Fatal Flaws: Superhot

There have been many good games that have been held back from achieving their full potential for greatness.  Some aspect of their design leaves a stain on the experience, forcing the player to question what in the world the developers were thinking.  Fatal Flaws examines these scars that are left on games, whether they are a mere blemish that holds a game back from perfection or something major that comes close to ruining an otherwise quality game.

Superhot took the world by storm last year. It was unique in its bold visual style and game mechanics. With one hit deaths and swarms of enemies, the gameplay itself have been frustrating, but side stepped the potential pitfalls with impeccable gameplay design. It truly is one of the most memorable indie games to come out of the scene in, well, ever. It’s is a must-play title, especially as it isn’t a particularly heavy time investment. There still are a couple of things that irritate me more than the humming of my coworker over the cubicle wall (you know who you are). That is what we are going to talk about today.

My complaints stem mostly from the sound design. The game is based on a DOS aesthetic, with heavy emphasis on an old school, dial up BBS styling. The minimalist story is given mostly in a retro chat and the textures are meant to evoke the future as seen though the eyes of the past. Therefore, every time the player dies, a grating dial up modem sound is played. Except, it is somehow worse. It’s like a connecting modem is being stung by a dozen hornets. Here, I’ll demonstrate. Hold your ear up to the monitor —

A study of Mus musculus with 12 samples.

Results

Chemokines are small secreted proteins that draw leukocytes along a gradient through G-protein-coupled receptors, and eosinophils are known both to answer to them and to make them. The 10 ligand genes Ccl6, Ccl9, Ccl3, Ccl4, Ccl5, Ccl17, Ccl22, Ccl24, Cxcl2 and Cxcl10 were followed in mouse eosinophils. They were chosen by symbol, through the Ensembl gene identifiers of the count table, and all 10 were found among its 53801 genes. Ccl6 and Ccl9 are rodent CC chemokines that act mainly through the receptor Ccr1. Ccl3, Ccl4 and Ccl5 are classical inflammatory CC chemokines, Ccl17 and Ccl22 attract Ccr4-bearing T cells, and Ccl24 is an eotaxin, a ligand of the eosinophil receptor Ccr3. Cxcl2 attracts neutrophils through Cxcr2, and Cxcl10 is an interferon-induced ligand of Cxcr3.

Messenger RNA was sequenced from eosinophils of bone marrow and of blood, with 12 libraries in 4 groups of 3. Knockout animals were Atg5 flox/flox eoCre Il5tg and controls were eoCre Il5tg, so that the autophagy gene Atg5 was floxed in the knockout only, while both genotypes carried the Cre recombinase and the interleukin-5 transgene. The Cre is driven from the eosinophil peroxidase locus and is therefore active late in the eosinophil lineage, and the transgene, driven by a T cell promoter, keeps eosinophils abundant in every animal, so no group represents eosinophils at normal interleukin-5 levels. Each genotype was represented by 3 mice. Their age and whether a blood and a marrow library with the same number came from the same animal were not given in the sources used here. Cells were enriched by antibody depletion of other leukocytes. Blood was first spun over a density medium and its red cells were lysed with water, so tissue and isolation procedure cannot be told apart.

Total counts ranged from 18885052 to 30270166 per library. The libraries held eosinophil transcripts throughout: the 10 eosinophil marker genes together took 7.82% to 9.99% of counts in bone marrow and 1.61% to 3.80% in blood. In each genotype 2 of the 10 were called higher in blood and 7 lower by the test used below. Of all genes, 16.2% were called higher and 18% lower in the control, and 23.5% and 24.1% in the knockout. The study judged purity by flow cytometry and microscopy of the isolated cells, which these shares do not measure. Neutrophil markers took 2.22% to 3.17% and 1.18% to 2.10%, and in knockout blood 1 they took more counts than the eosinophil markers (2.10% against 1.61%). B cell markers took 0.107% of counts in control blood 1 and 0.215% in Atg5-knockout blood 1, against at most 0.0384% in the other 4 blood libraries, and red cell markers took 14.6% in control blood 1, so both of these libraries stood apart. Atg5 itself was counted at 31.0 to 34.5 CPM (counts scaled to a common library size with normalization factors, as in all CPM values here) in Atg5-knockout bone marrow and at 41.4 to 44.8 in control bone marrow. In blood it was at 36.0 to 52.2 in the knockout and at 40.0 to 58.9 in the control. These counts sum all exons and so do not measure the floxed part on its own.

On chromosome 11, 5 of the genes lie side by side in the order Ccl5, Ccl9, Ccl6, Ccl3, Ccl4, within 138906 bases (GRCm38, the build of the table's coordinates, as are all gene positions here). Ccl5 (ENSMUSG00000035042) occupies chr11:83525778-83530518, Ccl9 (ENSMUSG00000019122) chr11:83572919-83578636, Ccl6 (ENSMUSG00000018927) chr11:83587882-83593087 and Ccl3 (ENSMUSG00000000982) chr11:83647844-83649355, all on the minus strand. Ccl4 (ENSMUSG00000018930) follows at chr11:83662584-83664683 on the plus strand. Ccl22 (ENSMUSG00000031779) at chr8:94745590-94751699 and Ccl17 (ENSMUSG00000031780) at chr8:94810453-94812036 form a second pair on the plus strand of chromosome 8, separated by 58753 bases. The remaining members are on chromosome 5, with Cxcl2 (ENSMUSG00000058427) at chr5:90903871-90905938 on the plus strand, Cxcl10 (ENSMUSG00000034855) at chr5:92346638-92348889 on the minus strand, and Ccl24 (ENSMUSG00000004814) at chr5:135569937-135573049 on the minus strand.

Blessed relief.

Annoying, right? There are some stages that are rather challenging, such as a level with three enemies in an elevator that must be taken in a specific order in a precise manner, only for the doors to open with two more ready to hose down the tiny, vertically moving room with approximately half of the ammunition reserve of a Montana militia. It’s kind of tough. So, this segment devolved in a ten minute loop of dead, screeeee, dead, screeee, until I managed to get past the bloody thing.

This follows along to the most famous thing about this game. The design is that time is extremely slow until the player moves. Allowing players to plan their shots, side step bullets, and generally make John Wick look like an uncoordinated wimp, this system is glorious. To drive home the impact of the action, the action plays out in real time. It’s a neat little feature that shows off some awesome moves. It’s just that, while this is playing back, a disembodied voice constantly repeats “Super. Hot. Super. Hot. Super. Hot.” It doesn’t @#$%ing stop.


Look, I realize that they here going for kind of a minimalist badass type of thing during the playbacks, but repetition of words, no matter the words, quickly grows tiresome. The guy could be saying “kitty cat” or “waffle cone” and the outcome would be the same. Proof of this phenomenon can be found by hanging out with a four year old. How many times will “why” be asked before the duct tape gets pulled out?*

Fortunately, the voice can be turned off by going into edit mode. This allows the player to see the full playback of gun shooting, billiard ball tossing, enemy shattering fun that came about through thoughtful use of the tools in the environment. While sound design manages to be completely obnoxious, the rest of the game is still fantastic. Just rest assured that you are not alone if you turn off the sound and put on some house music. Because repetitious sounds are annoying (um…*wink*.)

*Hardcore Gamer does not condone the use of duct tape during the child raising process. Ball gags are reusable and, therefore, the more economical and ecologically sound solution.**

**There’s no additional disclaimer here.

Curious about what other games we love but have an element about them we hate? Read about all the other Fatal Flaws here.